Preparing for the lambing season
Achievement of lamb growth targets starts with the right preparations ahead of lambing. What happens from scanning through to the first four to six weeks of ewe and lamb nutrition has a huge influence on lamb daily live weight gain (DLWG) and how quickly they can leave the farm.
In episode 3 of Wynnstay Agri-Hub podcast, season 2, I was joined by youngstock specialist Laura Monk and national Sheep and Beef specialist Bryn Hughes to look ahead to prepare for the upcoming lambing season. We talked through the critical stages which influence lamb success, starting with ewe nutrition during pregnancy.
When should you begin to moniter body condition?
You should monitor ewe body condition from early to mid-pregnancy. Scanning is an ideal time to body condition score, as each ewe is being handled when being put through the scanning box.
For lowland ewes, any animal scoring below 3.5 needs some extra feed to help them maintain and gain condition. Ewes in poor condition at lambing do not perform. They are more prone to mastitis, one of the biggest causes of premature culling of ewes, and their lambs will be the ones still on-farm later in the year, months after the high performing animals have gone to market.
It is best to get ewes to their target condition score as early as possible, then maintain it, as changes in diet in late pregnancy can result in large lambs and therefore difficult births. Aiming for sward lengths of 6cm of good quality grass, or providing high-quality forage, will help ewes to gain and maintain condition. If the grass or forage is not of high enough quality, then supplementary feeding is required. Roots are ideal at this time of year or compound feed if roots are not possible.
Analyse forage and start supplementary feeding
Six weeks before lambing is due to start, it is worth doing a forage analysis to understand the quality of forage available. High energy and high protein grass silage is ideal, however, most 2021 silage is average in terms of quality, so many ewes will benefit from supplementary feeding. When introducing supplementary feed, start with 0.5kg per ewe and build it up to 1.2kg for ewes with triplets.
Within six weeks, body condition and nutrition will start to influence colostrum quality. Quality protein in the ewes’ diets will support the production of antibodies, resulting in high-quality colostrum.
Another tried and tested means of maintaining ewe body condition is to use blocks as supplementary feed. Feed blocks (higher intake) and harder blocks (lower intake, higher energy content) are effective at keeping condition on ewes. Feed blocks can:
- Support shy feeders by allowing them to nibble on the blocks in their own time
- Reduce the incidence of twin lamb disease
- Ensure mineral status ewes
- Have a positive effect on colostrum production and quality
Final preparations for you to consider before lambing begins
A ewe’s intake of forage will decline as lambs grow and space in the rumen reduces. Good quality supplements will help increase protein and energy in the ration, to make up for reduced consumption. The Wynnstay compound feeds are all formulated to provide correct levels of protein and energy to ewes to set them up for the lambing period.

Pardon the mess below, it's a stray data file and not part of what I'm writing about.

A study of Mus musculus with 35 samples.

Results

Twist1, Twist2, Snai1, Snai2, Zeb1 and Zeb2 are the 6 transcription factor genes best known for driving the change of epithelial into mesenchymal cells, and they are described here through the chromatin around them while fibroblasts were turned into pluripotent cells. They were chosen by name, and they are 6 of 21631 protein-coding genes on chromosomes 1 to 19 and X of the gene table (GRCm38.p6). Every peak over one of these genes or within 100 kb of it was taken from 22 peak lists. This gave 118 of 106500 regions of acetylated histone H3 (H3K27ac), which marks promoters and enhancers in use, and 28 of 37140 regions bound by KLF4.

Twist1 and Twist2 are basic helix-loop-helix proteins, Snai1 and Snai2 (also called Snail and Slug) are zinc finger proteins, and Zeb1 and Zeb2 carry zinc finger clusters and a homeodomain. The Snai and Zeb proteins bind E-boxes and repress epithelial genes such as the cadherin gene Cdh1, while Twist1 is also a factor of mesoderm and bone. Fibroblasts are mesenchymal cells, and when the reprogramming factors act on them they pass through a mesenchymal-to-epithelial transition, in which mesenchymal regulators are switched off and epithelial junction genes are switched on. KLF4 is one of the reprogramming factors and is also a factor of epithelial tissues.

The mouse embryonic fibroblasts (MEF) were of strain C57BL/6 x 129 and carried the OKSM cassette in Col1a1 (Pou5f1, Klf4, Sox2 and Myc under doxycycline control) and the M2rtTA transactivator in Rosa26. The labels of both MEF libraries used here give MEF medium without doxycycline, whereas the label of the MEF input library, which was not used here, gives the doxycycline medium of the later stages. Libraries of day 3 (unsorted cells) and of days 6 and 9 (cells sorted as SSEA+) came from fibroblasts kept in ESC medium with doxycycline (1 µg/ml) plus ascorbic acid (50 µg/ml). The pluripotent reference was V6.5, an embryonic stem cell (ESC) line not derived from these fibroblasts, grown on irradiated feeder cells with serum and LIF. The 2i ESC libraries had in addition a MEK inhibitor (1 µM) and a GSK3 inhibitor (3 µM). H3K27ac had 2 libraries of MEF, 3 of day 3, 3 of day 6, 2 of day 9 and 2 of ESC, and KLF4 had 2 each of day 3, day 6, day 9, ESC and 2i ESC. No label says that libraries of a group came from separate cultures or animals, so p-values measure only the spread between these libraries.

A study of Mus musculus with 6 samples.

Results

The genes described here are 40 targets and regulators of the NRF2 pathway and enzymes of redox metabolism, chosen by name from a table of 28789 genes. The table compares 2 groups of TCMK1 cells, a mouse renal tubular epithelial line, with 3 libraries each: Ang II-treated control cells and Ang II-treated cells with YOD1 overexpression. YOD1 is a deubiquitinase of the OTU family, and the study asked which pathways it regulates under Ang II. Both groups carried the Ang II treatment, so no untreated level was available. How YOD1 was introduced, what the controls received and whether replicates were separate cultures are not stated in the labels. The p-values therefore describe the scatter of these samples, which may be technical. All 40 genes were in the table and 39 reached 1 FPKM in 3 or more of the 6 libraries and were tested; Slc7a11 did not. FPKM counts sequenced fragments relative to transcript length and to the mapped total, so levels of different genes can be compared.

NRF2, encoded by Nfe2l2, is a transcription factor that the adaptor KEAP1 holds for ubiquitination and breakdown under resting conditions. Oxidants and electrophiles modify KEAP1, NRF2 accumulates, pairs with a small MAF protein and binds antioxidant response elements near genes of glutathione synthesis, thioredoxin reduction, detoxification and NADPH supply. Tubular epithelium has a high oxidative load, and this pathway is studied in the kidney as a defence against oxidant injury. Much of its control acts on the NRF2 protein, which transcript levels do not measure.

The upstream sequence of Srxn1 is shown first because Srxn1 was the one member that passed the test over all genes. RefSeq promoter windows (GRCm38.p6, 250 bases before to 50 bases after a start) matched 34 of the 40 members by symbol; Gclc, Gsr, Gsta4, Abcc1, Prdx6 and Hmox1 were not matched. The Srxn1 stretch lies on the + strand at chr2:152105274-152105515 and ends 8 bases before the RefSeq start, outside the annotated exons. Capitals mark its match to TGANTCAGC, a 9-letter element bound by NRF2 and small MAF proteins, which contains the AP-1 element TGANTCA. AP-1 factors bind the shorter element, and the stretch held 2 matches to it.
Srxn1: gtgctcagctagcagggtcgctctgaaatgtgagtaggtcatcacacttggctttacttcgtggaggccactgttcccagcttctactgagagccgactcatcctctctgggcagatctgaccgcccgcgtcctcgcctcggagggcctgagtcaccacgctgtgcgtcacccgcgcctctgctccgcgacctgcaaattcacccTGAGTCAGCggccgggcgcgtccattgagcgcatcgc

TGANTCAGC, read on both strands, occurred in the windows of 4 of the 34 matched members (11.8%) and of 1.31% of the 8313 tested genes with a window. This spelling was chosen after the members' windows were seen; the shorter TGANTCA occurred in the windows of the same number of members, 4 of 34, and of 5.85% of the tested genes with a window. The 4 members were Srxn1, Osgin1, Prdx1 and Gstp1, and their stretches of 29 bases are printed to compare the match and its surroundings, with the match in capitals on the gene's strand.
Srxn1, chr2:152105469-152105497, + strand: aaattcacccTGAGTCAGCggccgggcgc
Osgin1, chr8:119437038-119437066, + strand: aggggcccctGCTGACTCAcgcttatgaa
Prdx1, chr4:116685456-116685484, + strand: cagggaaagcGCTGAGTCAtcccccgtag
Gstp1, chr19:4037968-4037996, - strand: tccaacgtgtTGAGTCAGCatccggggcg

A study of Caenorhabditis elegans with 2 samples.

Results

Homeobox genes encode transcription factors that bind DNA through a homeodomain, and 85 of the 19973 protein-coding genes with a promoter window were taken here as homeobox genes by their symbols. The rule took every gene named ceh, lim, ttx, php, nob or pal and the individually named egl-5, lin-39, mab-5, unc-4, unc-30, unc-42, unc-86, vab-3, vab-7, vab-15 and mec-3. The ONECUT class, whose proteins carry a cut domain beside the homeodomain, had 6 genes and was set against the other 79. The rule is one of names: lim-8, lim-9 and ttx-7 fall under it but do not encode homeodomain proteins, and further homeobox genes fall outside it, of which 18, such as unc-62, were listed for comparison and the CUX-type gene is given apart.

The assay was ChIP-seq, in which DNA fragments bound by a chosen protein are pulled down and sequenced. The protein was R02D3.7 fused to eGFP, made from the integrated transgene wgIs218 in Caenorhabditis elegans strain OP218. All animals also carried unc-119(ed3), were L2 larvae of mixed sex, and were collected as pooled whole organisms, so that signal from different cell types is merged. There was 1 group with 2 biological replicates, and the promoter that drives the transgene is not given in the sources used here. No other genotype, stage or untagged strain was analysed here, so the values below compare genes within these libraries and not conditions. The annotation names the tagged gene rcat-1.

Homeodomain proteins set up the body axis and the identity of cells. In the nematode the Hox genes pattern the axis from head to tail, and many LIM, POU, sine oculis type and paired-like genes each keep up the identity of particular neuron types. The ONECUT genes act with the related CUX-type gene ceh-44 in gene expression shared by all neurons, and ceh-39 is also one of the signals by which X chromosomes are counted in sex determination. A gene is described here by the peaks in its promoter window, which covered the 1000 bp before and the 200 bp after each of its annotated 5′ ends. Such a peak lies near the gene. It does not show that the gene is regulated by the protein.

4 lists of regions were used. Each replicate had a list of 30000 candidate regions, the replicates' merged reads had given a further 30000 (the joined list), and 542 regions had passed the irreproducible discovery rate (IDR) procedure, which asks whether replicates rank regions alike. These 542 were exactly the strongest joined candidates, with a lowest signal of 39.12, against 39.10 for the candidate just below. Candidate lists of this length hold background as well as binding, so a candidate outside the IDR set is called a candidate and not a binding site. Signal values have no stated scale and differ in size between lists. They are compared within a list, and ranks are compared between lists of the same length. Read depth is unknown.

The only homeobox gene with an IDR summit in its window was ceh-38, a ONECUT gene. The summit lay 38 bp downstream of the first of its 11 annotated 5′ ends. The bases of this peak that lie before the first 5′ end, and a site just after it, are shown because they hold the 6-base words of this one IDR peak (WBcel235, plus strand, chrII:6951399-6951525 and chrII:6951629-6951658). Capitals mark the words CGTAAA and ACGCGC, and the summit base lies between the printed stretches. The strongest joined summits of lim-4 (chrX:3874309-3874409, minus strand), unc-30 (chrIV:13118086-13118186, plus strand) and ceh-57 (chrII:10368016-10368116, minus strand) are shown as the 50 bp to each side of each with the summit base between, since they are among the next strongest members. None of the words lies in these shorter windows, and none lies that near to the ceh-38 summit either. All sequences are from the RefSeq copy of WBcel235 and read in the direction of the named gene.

Before lambing begins, check everything is ready, including bottles, tubes, colostrum replacer and milk replacer. Once into lambing, the time to go and pick things up is gone. Download a copy of our lambing checklist for sheep farmers, click here.
Colostrum management during lambing
Once lambs are born they have very little immunity to disease. It is essential to get them into a clean area in the lambing shed, to reduce the risk of exposure to pathogens.
Their gut is open to ingesting antibodies from colostrum in the first 24 hours from birth. Most single and twin lambs will consume enough colostrum on their own, but triplets will need intervention.
For lambs receiving colostrum replacer, they will need 50ml per kg of body weight, which is approximately 500ml, in the first 24 hours.
An effective triplet strategy will influence profitability per lamb. Three lambs on one ewe will not allow them to reach growth rate targets. Taking one away and rearing on milk replacer costs around £50 but is worth doing as the lamb will be worth more when sold. Each lamb will take approximately 13kg of lamb milk replacer powder.
Ewe and lamb nutrition post lambing
The six weeks after lambing is critical. Ewes need enough feed resources to maintain a good level of milk production. They should be turned out onto 6cm of grass, or, if that is not available, they will continue to need supplementary feeding. The overall diet needs to contain over 12.5 MJ ME of energy.
In lambs, high energy creep feed will drive performance. They do not eat a massive amount of creep early on, so it is worth the investment to start them off.
Average lamb DLWG is around 100-150g in the UK. However, as much as 400g is achievable with a high level of attention to detail from early pregnancy onwards. For February to March born lambs, a DLWG at 400g can result in them being away by July. This results in less grazing pressure once they are gone as summer grass growth declines and potential access to higher prices earlier in the year.
For more information listen to episode 3 of the Wynnstay Agri-hub podcast, season two. Or revisit the season 1 episodes on lambing lessons from 2021 and early lambing and beef calf rearing, for further resources to help prepare for the lambing season ahead.